By David B. Rivkin, Jr., and Andrew M. Grossman
February 28, 2021, in the Wall Street Journal
Judge Ketanji Brown Jackson is known as a capable, diligent and collegial jurist. Hers isn’t the straightforward ascent of most Supreme Court nominees. After a clerkship with Justice Stephen Breyer, she spent a decade as what she called a “professional vagabond”—a junior litigator at a Washington firm; an associate of Kenneth Feinberg, the lawyer known for administering compensation funds for victims of terrorism and other disasters; an assistant special counsel for the Sentencing Commission. She would be the first justice to have served as a public defender. One gets the reassuring sense that, like Clarence Thomas, Judge Jackson hasn’t had her sights trained on a Supreme Court nomination since law school.
The same could be said of Judge Jackson’s time on the bench. As a federal trial court judge in the District of Columbia (2013-21), she oversaw a docket consisting largely of run-of-the-mill employment disputes, contract cases, freedom-of-information actions, criminal prosecutions and the like. Her opinions are generally workmanlike, making it easy to discern the rare case that inspired her passion.
At the top of that list is her decision ordering then-President Trump’s former White House counsel Don McGahn to testify before a House committee investigating purported Russian interference with the 2016 election. Judge Jackson rejected out of hand Mr. Trump’s assertion of a kind of immunity from testimony recognized by the courts for well over a century. “Presidents are not kings,” she wrote. “This means that they do not have subjects, bound by loyalty or blood, whose destiny they are entitled to control.”
The decision rejects—and describes as “strident”—the government’s argument that parties generally need authorization from Congress to bring suit in federal court. Congress did authorize suits over Senate subpoenas, but not House suits. What may seem an arcane procedural point speaks volumes: Much judicial mischief has involved courts appointing themselves to exercise power and impose liability in the absence of any law. Judge Jackson’s rationale, echoing those of many Warren and Burger court decisions, is that the Constitution empowers courts to vindicate “intrinsic rights.”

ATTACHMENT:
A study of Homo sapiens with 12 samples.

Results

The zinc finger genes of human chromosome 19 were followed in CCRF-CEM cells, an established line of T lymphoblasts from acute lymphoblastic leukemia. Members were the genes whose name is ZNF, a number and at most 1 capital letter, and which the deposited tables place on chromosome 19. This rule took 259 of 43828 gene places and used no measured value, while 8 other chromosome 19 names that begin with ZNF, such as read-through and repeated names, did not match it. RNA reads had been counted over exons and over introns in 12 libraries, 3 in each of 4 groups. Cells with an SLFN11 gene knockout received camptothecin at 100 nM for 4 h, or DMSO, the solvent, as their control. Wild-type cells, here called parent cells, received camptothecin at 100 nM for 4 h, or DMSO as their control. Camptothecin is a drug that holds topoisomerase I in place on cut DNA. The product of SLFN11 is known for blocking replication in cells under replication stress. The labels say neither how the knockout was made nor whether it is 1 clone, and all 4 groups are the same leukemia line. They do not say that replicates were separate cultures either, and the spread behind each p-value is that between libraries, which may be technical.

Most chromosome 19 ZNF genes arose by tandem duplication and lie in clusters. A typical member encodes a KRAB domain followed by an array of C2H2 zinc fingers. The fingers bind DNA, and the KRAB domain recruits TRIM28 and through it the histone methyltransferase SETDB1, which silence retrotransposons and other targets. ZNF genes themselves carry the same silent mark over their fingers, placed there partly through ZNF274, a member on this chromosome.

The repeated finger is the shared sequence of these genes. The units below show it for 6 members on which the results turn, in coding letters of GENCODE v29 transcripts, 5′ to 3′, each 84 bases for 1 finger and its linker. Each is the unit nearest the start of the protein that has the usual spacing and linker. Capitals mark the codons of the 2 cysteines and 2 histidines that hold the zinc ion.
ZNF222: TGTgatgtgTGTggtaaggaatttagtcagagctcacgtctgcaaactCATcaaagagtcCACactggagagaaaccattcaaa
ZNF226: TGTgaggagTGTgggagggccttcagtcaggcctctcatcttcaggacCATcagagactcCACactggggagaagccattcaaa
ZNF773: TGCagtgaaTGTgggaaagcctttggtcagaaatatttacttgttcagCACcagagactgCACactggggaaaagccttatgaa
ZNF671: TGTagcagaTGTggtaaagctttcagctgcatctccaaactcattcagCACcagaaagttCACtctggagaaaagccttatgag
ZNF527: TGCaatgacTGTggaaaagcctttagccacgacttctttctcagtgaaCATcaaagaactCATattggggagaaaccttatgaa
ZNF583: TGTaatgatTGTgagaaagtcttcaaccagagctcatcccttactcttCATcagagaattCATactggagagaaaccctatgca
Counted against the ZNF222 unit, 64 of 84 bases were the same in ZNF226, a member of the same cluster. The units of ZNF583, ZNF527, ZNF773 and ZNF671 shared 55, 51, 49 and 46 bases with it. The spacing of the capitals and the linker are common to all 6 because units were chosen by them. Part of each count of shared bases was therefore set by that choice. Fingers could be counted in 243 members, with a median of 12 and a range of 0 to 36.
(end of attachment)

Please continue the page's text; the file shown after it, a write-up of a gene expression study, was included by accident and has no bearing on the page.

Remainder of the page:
Also revealing is Judge Jackson’s decision blocking a Trump policy expanding eligibility for “expedited removal” to aliens who have been in the country illegally for up to two years. The statute gives the Homeland Security Department “sole and unreviewable discretion” over expedited removal, which should give the courts nothing to review. Judge Jackson asserted that although the policy itself was unreviewable, she could pass judgment on the “manner” in which the agency made it. She found it lacking based on the agency’s failure to engage in notice-and-comment rulemaking and its failure to consider adequately the “downsides of adopting a policy that, in many respects, could significantly impact people’s everyday lives in many substantial, tangible, and foreseeable ways”—which would seem to be a consideration of policy, not manner. The U.S. Court of Appeals for the D.C. Circuit reversed this ruling.
Judge Jackson was also reversed in a case in which she sided with federal-employee unions challenging presidential directives to streamline collective-bargaining terms, limit time spent on union business during work hours, and make it easier to fire employees for misconduct or unacceptable performance. Her decision bends over backward to excuse the unions from the requirement that they bring disputes to the Federal Labor Relations Authority before going to court, and the D.C. Circuit reversed it on that basis. But her take on the merits also raises concerns. In her view, the government’s general duty to bargain and negotiate “in good faith” precludes the government from taking topics off the bargaining table (like the availability of grievance proceedings for outright employee misconduct). She acknowledged that position went well beyond the governing precedent. While that would be a boon to the unions, it would disable presidential control of the federal workforce to account for changing circumstances.
Since joining the D.C. Circuit in June 2021, Judge Jackson has handed down only two opinions on the merits, both in the past month. The first, in another federal-union case, is notable. Siding again with the union, Judge Jackson rejected an FLRA decision holding that collective bargaining is required only for workplace changes that have a “substantial impact” on conditions of employment, as opposed to the much lower “de minimis” standard that had previously prevailed. The opinion concludes that the agency failed to explain adequately its adoption of the new standard—a holding that rests on what legal scholar Jonathan Adler called an “erroneous and unduly strict” application of Supreme Court precedent imposing a light burden on agencies changing their policy positions. They need merely “display awareness” of the change and identify “good reasons for the new policy.” To this, Judge Jackson’s opinion adds the requirement, which the Supreme Court had rejected, that the agency show the new policy to be better than the old one.
After reviewing so many of Judge Jackson’s judicial opinions, we have no doubt of her capabilities. We can’t discern whether she has any cognizable judicial philosophy that would guide her approach to the sort of fraught legal questions that the Supreme Court confronts term after term. Her loudest advocates are confident that she’ll serve them well, and her record supports that view. With 50 Democratic senators, that may be enough.
Mr. Rivkin served at the Justice Department and the White House Counsel’s Office in the Reagan and George H.W. Bush administrations. Mr. Grossman is an adjunct scholar at the Cato Institute. Both practice appellate and constitutional law in Washington.